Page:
I have lived in a few different parts of the world over the years. Of all the breakfast foods, the ones I grew up with in Bengaluru are my favorites. Though I like and relish the various other kinds of breakfast foods out there, my comfort foods for breakfast include: idli (no. 1 favorite!), vaday, dosay, and uppittu.
Of course, these are to be chased down my throat by good old south Indian pilter kaapi (filter coffee) with 10% chicory in it. This coffee has to be made just so and it must be aerated the traditional way, pouring from one vessel to another, back and forth, bringing out a good head of foam.
For long, I used to be so proud of idlis being south India’s gift to humanity. “Saar, we only invented idli, okay? It is Pride of South India. Just you try off and you will laaoww it!”, I used to say to people who displayed ignorance of this magnificent item! Philistines, I call them now!
In more recent years, Dr Deepa Prakash, a food scientist (and my niece), introduced me to the writings of the late Professor K T Achaya, an expert on the histories of Indian foods.
Browsing through his wonderful work Indian food: A historical companion, I found many fascinating geographies and histories of foods that I have heard of, seen, tried, relished, or hated.
Professor Achaya writes that the first mention of idli is in the Kannada work called Vaddārādhane (920 AD) by Shivakotyāchaarya. He also says that a 1025 AD poet, Chāvundarāya, describes the idli is being made of “urad dal soaked in buttermilk, ground to a fine paste, mixed with the clear water of curds, jeera, coriander, pepper, and asafoetida, and then shaped.” (Urad dal is uddina beley in Kannada).
Sri Achaya also says that Sōmeśvara III, in his book Mānasollāsa (about 1130 AD), mentions the same kind of preparation. Idli is called idarikā and dosai is dhosakā. (Vaday in Samskrtam is vatakā).
Likewise the Tamil Mechchapuraanam (17th Century AD) also mentions it.
These idlis were fried in ghee and spiced with pepper, jeera, and asfoetida powders.
Three things are missing in them, according Sri Achaya:
- Grinding to a fine paste and overnight fermentation, and
“H’mmm … “, I thought. “So far, so good.”
As I read further, Professor Achaya had some news for me. That was what upset me.
He says that the technique of making idli with rice might have to us from the cooks who accompanied Tamil kings who ruled what is now Indonesia!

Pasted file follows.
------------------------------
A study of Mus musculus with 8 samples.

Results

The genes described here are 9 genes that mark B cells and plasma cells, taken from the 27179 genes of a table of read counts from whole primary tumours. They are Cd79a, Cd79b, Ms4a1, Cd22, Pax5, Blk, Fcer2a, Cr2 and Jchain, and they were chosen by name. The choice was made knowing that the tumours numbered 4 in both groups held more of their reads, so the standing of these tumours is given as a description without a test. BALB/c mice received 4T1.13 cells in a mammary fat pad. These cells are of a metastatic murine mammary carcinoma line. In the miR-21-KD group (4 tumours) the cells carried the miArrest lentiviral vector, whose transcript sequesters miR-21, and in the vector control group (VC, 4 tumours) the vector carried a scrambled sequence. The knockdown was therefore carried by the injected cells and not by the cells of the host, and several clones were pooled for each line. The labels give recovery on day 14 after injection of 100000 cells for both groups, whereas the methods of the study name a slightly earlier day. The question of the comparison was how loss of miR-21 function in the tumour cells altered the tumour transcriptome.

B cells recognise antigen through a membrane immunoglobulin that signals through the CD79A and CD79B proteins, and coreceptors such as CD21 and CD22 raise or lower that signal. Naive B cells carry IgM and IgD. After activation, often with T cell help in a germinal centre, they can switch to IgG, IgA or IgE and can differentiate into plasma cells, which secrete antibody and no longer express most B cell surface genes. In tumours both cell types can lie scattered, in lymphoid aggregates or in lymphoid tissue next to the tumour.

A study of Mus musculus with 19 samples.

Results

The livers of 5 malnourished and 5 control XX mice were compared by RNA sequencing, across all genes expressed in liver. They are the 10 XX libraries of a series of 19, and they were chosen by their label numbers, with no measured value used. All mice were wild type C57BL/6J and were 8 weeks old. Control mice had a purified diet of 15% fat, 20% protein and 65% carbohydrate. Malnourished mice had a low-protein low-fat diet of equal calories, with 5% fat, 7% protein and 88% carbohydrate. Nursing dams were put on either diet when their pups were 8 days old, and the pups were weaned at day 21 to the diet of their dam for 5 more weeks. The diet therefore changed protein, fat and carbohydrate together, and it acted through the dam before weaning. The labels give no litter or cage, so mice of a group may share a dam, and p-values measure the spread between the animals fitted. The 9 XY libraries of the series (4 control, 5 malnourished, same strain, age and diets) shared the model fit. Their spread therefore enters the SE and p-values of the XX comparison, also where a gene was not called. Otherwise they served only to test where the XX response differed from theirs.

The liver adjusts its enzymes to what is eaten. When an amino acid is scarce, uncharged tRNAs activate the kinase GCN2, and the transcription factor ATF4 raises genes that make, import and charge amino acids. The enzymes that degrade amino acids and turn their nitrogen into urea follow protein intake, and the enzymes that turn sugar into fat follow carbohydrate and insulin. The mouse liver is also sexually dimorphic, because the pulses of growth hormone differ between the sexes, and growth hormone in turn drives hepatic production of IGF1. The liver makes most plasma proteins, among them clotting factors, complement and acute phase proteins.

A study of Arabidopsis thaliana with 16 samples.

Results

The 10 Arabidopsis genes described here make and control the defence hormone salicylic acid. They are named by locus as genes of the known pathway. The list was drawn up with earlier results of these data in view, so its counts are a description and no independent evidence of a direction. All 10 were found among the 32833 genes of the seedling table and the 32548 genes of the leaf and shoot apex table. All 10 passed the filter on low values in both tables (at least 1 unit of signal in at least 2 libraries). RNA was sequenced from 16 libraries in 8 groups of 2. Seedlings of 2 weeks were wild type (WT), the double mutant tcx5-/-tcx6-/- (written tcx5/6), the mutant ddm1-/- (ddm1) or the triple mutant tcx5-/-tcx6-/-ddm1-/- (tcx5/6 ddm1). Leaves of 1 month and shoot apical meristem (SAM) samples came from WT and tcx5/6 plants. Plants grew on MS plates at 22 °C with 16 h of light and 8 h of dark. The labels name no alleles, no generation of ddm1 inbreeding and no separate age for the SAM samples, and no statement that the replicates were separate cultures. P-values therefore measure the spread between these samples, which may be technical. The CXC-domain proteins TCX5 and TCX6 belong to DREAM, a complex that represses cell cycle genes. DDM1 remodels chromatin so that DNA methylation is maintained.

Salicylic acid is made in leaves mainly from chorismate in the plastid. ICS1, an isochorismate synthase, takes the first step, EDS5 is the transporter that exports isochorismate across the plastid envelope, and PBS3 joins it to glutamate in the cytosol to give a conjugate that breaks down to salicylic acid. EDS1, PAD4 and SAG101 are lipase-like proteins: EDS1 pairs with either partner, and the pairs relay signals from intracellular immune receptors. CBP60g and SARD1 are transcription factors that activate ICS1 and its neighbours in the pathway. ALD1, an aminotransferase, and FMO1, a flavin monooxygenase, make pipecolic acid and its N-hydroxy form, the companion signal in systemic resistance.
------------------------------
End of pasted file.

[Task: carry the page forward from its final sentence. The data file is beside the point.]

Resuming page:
I had to drink one tumbler of pilter kaapi to recover from this shock. But wait, there’s more!
For several centuries (according to some, approximately 78 AD onward; I don’t know if this is true), Tamil kings ruled in Indonesia (among other parts of southeast Asia). The spatial interaction (remember that geography term?) between the Tamil country and southeast Asia has a long history.
When those kings wanted brides, they used to return to Tamil country in search of them. Of course, when a king or queen travels, they take a retinue with them: doctors, security personnel, cooks, and so on.
These cooks brought the three missing things that I listed above.
“Oh, all right!”, I said to myself. “Regardless of where it came from, the idli is now our own. And my comfort food!”
Change is good
The rice part of it, apparently, makes the fermentation better. Also, as it happens, it gives us starch. The uddina beyley gives us protein. And steaming the fermented batter, rather than deep frying it in ghee, makes it much healthier.
Thus it is that the glorious idli gives us both energy (from starch) and protein to start our days off well.
More recently, the rava idly (invented by the founders of Mavalli Tiffin Room, Bengaluru), the raagi rava idly, and so on are variations on the same basic idea: fermentation and steaming.
Apart from these, even in the rice idli there are variations from place to place. The thattey idli is widely available in Karnataka. Then there are variations in the Kanchipuram idli, muday idli (Mangaluru), the Goan hittli (a Konkani word), and so on.
How idli is served is also geographically variable. In many parts of southern India, idlis are accompanied by vadays. The side dishes vary from sambar, saagu, chutneys of different kinds (usually onion, coriander, coconut, and tomato), spicy powders (pudis such as chili powder, chutney powder, etc.), and in some places with a dollop of butter or ghee on the hot idli.
In all cases, this much is true: it is best served steaming hot.
Next time you eat idlis, remember their geography and history.
Some other geographies
Foods often become associated with places and take on the names of the places. For example:
- Bangarapet chat.
- Bengali sweets (most amazing variety of sweets)
- Kanchipuram idli.
- Maddur vadey.
- Mangaluru bonda.
- Mysore paak.
- Tirunelveli halva.
In addition, there are dishes that have received an official Geographical Indication tag. One of these, the rossogolla, became very controversial with both Bengal and Odisha claiming they are the ones who invented it. Bengal won it eventually; the Odiyas are not pleased about this!
Excuse me. I must go and order 1 plate idly and vadey, sambar, red chutney, and 1 pilter kaapi.
I am very hungry!
A version of this article appeared in the Deccan Herald Student Edition in January 2018.
All images: Courtesy, Wikipedia
Featured image: Idli + vaday tiffin.